Pickles, Lightbulbs, and Cheese: Sylvia Massy Shares Unconventional Recording Techniques
Veteran producer and recording engineer Sylvia Massy has laid down tracks with the likes of Prince, the Red Hot Chili Peppers, the Black Crowes, Tool, and System of a Down, not to mention her work on Johnny Cash’s Grammy Award-winning album with producer Rick Rubin, American II: Unchained. Her latest project? Recording three up-and-coming Berklee student bands—Interstate, Morningbird, and Radio Calle 32—as a visiting artist with Berklee's Music Production and Engineering Department.
Massy is a recording industry Renaissance woman whose work outside of the studio includes everything from writing text for the technical Grammy bestowed on the family of Thomas Edison to authoring a book, Recording Unhinged, which anthologizes some of the more unusual techniques producers have employed to record music. The book, written with her partner, Chris Johnson, has since spawned coloring books (the Recording Unhinged Coloring Book and the Audio Icons Unhinged Coloring Book) that enable the crayon-minded to bring their own creative palette to some of the off-the-wall scenes recounted in the book—such as, for instance, producer Bob Ezrin taping Peter Gabriel to a post 10 feet above the ground to get a certain tenor of performance out of him for the song "Modern Love."
Watch a short film about Massy's approach to producing:
At Berklee for a week in late October, Massy shared some unusual recording techniques of her own, including sending the output from a solid-state amplifier through to a speaker via wiring that she ran through objects such as pickles, cheese, and a lightbulb, to experiment with the impacts of said objects on the captured sound. The final mix of the Morningbird song that Massy worked on, for instance, includes a guitar part recorded through connections to an electric drill and fluorescent lightbulb. Throughout, Massy was lighthearted while directing the recording space in Berklee's Shames Family Scoring Stage with a firm guiding hand, careful to understand the artists' intentions behind each song and then collaborating with them to bring those intentions to life.
Not long after her visit, Massy took the time to reflect on her work and her week at Berklee.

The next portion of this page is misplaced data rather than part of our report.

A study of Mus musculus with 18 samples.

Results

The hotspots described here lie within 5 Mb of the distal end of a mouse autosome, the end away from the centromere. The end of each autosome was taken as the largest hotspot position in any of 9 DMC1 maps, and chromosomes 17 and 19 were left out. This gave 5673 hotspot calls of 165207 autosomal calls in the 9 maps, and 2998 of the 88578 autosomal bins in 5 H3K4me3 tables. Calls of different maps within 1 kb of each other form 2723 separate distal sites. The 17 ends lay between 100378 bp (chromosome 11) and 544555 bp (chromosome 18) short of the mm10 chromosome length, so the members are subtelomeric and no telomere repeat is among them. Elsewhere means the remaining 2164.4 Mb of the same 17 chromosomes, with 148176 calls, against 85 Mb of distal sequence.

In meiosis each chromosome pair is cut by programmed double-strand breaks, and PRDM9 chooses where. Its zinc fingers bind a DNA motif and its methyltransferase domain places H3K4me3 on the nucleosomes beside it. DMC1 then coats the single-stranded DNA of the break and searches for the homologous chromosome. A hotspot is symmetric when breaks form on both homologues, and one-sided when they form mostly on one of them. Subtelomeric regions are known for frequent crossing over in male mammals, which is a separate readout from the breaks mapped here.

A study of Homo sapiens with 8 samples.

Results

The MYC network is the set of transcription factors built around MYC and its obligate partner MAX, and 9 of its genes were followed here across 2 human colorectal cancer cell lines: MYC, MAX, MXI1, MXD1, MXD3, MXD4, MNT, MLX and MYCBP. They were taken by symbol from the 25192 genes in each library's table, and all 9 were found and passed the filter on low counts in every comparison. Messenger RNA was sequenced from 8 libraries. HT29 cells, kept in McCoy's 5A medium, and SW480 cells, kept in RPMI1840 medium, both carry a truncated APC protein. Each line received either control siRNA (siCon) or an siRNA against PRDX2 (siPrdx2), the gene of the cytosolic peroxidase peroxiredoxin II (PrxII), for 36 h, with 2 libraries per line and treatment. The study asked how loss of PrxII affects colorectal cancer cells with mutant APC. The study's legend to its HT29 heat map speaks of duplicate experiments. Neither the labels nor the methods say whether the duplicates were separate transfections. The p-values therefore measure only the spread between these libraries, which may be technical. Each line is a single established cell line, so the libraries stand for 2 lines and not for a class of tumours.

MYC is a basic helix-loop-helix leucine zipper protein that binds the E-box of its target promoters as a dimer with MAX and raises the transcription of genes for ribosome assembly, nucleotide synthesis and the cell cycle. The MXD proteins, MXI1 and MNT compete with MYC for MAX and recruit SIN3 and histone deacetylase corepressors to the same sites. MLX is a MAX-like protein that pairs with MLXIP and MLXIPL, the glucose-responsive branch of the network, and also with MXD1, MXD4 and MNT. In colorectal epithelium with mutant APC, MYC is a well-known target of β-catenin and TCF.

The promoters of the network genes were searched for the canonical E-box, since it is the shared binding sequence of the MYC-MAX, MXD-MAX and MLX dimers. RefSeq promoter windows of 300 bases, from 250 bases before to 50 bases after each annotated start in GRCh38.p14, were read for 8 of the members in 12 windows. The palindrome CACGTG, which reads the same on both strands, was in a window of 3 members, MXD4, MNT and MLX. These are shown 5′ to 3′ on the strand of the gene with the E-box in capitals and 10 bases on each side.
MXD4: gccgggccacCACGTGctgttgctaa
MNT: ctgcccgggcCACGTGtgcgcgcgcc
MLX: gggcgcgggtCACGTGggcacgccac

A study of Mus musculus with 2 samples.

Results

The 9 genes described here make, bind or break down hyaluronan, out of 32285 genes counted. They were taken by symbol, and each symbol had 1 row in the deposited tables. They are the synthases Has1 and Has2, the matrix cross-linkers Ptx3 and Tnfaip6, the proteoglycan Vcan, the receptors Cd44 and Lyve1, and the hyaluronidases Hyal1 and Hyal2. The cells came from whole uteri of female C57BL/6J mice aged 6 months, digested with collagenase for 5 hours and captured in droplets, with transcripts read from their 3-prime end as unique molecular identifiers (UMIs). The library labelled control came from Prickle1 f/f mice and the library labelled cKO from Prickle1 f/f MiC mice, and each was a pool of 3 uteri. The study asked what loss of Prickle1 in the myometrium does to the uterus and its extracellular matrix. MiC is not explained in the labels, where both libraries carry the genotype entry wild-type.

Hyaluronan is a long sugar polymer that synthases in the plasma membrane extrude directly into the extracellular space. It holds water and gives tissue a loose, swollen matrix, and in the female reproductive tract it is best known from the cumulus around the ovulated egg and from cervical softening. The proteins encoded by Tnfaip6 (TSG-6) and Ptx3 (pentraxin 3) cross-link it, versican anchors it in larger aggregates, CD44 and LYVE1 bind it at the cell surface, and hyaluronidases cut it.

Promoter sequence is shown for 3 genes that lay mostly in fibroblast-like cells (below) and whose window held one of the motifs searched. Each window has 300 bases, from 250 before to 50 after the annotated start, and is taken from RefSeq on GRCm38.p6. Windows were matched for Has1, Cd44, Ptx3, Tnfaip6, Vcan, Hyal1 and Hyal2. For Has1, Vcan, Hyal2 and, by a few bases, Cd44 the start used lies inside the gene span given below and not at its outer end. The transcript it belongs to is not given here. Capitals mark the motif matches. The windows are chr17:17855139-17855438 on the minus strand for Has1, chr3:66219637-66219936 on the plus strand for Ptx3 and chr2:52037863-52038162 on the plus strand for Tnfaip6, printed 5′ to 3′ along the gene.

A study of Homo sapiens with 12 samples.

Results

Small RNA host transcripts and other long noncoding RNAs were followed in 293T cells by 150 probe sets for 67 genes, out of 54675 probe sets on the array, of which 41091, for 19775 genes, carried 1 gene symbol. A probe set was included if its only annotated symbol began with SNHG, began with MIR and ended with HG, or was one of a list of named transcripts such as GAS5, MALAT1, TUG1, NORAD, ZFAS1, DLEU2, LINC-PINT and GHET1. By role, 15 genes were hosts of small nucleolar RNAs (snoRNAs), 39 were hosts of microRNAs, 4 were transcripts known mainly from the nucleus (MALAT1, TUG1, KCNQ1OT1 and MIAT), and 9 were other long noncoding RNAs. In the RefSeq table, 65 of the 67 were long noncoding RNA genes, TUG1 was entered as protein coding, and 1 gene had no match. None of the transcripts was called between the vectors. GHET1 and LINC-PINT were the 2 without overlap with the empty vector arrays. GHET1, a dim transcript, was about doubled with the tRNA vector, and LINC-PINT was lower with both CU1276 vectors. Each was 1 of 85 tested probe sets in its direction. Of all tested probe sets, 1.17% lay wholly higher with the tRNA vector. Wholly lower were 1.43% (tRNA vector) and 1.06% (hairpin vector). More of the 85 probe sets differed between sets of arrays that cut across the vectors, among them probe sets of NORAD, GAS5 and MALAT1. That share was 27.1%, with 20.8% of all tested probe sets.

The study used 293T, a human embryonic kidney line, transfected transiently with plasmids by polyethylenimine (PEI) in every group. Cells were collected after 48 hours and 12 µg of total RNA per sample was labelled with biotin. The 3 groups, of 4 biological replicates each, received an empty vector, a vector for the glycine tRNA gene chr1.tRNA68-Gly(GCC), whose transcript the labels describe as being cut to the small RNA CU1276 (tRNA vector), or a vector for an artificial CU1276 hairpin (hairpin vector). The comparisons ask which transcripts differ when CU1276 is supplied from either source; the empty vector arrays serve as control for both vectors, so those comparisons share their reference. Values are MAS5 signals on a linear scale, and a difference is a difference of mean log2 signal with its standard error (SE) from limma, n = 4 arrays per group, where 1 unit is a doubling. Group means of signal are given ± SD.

On how she began incorporating creative recording techniques:
"I guess it started when I was recording the band Tool and I was trying to get the most obnoxious sound possible. I thought I'd get an old piano and drop it off of a building and we’d record the crash. That would be a very obnoxious sound, but I couldn't get the record company to support that idea. So instead, I bought a couple of old, wrecked pianos and brought them into a studio that was agreeable, set up microphones, and then we just destroyed them with sledgehammers and shotguns. Then we took all those crazy, wonderful sounds and sequenced a piece for the end of the album Undertow. So it started there."
"I try to include some sort of unconventional recording in every session that I schedule. I believe that the sound of adventure is imprinted into the music." — Sylvia Massy
On her most memorable studio moment:
"It has to be the time I was recording with Johnny Cash on his Unchained album, with Rick Rubin producing. I was engineering. Tom Petty and the Heartbreakers was his backup band for that album. There were moments in the studio which I couldn't even believe I was there for…the members of Fleetwood Mac came in. The moment I remember most vividly is when Johnny, Tom Petty, and the other Heartbreakers were sitting in a circle at Studio 2 at Ocean Way, which is now called EastWest Studios, and they were joined by Mick Fleetwood and Lindsey Buckingham from Fleetwood Mac, and everyone sat in a big circle with acoustic guitars and Johnny on the microphone and recorded, live, a song that was written by Beck called 'Rowboat.' It was just a particularly wonderful moment because everyone connected musically. The sound in the air between them was magic."
On the importance of recording original sounds:
"So many people work off of prerecorded samples in sample libraries and work in the box, never actually recording any instrument on their own. The inventiveness of creating new sounds is something I recommend for everybody in the studio, especially now."
On working with Berklee student bands:
"All three bands [Interstate, Morningibird, and Radio Calle 32] are incredible, so already, I'm winning when I step in the room, because as long as I don't screw it up, the recording is going to be great. All I had to do was make sure I could capture the performances and not lose the excitement of the bands. The students were really inventive."
Listen to music by Morningbird:
Listen to a song by Interstate:
On advice for Berklee students:
"Don’t settle for mediocrity. Make sure that what you do stands out and has a creative edge to it. Don't be afraid to try new things or make mistakes because some of those mistakes might be the magic that you're looking for. The Berklee faculty, facilities, and programs are the best in the country and maybe in the world, so the students are in good hands. The community at Berklee is a very unique experience, so savor every minute of it."